Causes and Treatment of Enamel Hypocalcification

Calcium plays a vital part in giving you a healthy oral life. Calcium is a mineral that helps in strengthening your tooth’s enamel. Enamel is the outer shell meant to protect your tooth against decay and cavity. Do you know what would happen when your enamel has inadequate calcium? Here we will look at what hypocalcification is, the causes, and management.

 Hypocalcification Definition

Hypocalcification is a result of insufficient calcium in your tooth enamel. Generally, with insufficient calcium amount, you are likely to be having weak and thin enamel. Additionally, hypocalcification may result in chalky or opaque teeth, which eventually leave you with white, brown, yellow, or discoloration.

If you reach the stage of having weak enamel, your teeth are at a higher decay risk, making your teeth exposed to erosion and cavities. Also, weak enamel comes with sensitivity to cold and hot beverages or food.

Hypoplasia vs. Hypocalcification

Both hypoplasia and hypocalcification affect your teeth’ enamel. Nevertheless, hypoplasia is characterized by hard but thin enamel with quality deficiency. Usually, hypoplasia is genetics-related or occurs when your teeth get exposed to certain elements during the teeth development period.

Hypocalcification Causes

Generally, enamel hypocalcification is a result of two major factors, which are:

· Genetic defect

· Exposer to acidic conditions

Genetic Conditions

Hypocalcification can also occur in people with Amelogenesis imperfecta, an inherited dental condition. It is relatively estimated that about 14,000 – 16,000 children experience Amelogenesis imperfecta within America. People with this rare genetic disorder do not develop tooth enamel normally; hence, it becomes soft and easily wears out.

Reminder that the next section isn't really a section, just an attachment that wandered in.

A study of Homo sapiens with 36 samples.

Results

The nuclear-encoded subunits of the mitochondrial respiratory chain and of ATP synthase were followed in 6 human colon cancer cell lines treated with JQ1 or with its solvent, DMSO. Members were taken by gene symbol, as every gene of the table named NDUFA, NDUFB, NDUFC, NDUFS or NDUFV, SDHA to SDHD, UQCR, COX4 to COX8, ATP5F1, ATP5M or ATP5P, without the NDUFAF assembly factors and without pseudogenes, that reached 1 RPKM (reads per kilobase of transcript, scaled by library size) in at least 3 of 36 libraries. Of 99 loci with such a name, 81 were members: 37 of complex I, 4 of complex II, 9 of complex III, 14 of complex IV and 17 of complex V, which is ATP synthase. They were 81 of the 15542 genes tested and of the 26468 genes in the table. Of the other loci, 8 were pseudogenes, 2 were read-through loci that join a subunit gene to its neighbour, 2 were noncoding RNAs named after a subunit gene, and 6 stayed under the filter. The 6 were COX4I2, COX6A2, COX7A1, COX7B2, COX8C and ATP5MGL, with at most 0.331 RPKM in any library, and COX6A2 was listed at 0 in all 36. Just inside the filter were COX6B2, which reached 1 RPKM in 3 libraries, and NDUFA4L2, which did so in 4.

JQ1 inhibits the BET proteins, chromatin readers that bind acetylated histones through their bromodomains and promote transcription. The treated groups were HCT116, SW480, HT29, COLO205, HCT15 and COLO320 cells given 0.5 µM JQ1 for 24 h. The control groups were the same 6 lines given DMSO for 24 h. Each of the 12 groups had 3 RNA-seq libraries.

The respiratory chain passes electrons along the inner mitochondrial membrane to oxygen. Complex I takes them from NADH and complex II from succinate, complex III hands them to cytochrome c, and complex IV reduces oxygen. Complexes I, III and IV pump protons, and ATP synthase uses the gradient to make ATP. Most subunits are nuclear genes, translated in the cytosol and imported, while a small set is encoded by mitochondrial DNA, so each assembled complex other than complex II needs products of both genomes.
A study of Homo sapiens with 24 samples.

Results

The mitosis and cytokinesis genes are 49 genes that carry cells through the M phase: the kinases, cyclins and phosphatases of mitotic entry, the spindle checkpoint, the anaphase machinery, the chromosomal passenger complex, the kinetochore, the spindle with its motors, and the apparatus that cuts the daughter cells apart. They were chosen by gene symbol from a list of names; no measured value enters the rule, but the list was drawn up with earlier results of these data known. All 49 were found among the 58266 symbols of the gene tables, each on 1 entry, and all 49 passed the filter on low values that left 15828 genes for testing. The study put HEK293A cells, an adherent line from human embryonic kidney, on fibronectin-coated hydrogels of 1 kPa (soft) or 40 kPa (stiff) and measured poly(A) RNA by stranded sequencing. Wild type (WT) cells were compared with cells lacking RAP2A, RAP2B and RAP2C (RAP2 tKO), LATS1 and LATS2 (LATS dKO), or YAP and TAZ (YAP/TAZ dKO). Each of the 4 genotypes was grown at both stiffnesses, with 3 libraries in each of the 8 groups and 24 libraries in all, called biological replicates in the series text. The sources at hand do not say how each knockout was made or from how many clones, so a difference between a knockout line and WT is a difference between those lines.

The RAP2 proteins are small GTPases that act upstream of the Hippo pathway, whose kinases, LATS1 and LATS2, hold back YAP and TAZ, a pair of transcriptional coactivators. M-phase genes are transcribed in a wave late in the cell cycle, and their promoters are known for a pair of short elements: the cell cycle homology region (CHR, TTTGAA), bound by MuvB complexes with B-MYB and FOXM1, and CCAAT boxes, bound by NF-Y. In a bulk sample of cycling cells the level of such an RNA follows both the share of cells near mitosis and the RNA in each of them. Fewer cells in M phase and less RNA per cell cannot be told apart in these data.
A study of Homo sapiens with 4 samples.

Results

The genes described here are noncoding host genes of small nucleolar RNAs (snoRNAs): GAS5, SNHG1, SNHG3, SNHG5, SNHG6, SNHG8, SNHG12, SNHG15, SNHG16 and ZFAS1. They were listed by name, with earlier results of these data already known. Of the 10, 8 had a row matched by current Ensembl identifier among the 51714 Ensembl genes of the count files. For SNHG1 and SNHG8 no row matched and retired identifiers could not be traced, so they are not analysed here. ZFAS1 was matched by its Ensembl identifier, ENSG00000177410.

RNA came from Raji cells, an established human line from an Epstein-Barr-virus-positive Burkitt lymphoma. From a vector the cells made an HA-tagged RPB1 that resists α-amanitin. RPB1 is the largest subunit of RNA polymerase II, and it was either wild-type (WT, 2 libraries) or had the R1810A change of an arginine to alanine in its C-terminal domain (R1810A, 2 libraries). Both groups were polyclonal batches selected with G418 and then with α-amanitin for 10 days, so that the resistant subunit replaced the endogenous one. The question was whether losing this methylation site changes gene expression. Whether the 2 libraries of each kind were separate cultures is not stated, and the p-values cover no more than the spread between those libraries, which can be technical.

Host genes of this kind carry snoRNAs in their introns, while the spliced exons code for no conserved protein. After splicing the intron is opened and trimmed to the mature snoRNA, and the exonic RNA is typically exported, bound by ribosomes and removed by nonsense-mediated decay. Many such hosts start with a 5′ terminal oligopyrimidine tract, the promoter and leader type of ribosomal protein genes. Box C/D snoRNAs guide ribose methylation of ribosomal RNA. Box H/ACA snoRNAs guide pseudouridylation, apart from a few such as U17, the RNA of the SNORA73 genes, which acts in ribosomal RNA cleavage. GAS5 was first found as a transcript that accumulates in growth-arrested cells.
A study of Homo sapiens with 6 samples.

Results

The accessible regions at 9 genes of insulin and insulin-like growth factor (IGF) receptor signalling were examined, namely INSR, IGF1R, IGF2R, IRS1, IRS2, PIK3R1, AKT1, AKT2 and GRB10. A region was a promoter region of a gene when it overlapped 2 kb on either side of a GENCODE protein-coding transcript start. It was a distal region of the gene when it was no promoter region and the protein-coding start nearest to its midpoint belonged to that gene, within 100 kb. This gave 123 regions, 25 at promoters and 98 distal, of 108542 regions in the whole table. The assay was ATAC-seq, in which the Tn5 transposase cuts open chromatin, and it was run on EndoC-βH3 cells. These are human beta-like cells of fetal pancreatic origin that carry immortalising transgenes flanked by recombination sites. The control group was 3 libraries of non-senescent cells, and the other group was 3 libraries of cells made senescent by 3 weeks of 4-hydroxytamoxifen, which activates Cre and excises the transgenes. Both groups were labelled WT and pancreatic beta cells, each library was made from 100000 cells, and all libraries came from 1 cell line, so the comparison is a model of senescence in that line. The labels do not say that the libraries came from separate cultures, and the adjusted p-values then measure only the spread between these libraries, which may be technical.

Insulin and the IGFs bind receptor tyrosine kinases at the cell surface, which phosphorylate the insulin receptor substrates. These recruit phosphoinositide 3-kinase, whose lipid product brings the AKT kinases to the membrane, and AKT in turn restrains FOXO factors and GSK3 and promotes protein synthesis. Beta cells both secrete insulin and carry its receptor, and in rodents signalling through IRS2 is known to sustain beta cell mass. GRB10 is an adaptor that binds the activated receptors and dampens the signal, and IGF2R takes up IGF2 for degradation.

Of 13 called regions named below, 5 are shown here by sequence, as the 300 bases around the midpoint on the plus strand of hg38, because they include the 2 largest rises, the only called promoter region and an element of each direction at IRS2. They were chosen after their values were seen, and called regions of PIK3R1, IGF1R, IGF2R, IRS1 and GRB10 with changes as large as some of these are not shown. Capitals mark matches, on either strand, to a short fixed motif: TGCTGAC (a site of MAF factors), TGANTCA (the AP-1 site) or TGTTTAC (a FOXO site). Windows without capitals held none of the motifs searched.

Acidic Conditions

Some sticky, colorless biofilm called plaque may happen to form on your tooth. This biofilm feeds on starches and sugar present in your food. With time the plaque will start releasing acid that affects your enamel. The acid produced by the plaque, poor oral hygiene, and some acid present in your diet might break down your enamel resulting in hypocalcification.

 Hypocalcification Treatment

It would be wise to be examining your teeth for any creamy or chalky spots. If you happen to notice these spots, ensure you visit your dentist right away. To avoid teeth decay, make sure you seek treatment as soon as possible once you have a hypocalcification condition. If the cause of your calcium loss is a result of an acidic condition, the dentist will examine the extent of your condition before any prescription. 

It is recommended for people with mild hypocalcification to establish and begin practicing a proper oral hygiene routine. The routine should include the following.

· Brushing twice a day using a fluoride toothpaste for about two minutes

· Using an interdental device or floss to clean between your teeth

· Having regular visits to your dentist for oral exams

· It is also good if you adjust your diet by avoiding more acidic and sugary foods

Also, your dental specialist may advise you to be using certain fluoride treatments, pastes, and creams, to help you promote remineralization. If you are experiencing a severe hypocalcification that may have caused decay, restoration treatment could be necessary.

It is usually not possible to treat hypocalcification where the cause is Amelogenesis imperfecta. However, your dental professional will offer you artificial replacements for your defective enamel.

Specialized dentures or full-crown restorations for unhealthy teeth are usually used to protect and cover your inner tooth; hence, helping you avoid decay. Also, for patients having tooth sensitivity, this relieves them from the condition.

 Conclusion

Your tooth depends on the enamel for protection, and hence when you lose calcium, you should take it seriously as it’s a warning sign of weaker enamel. Your dental professional will help you prevent more severe cases once they realize the problem early enough.

Any patches or chalky spots on your teeth should be a sign that you need to schedule an appointment with your dentist for a thorough checkup and treatment. Additionally, your dentist will offer you some advice to help you prevent the situation from reoccurring.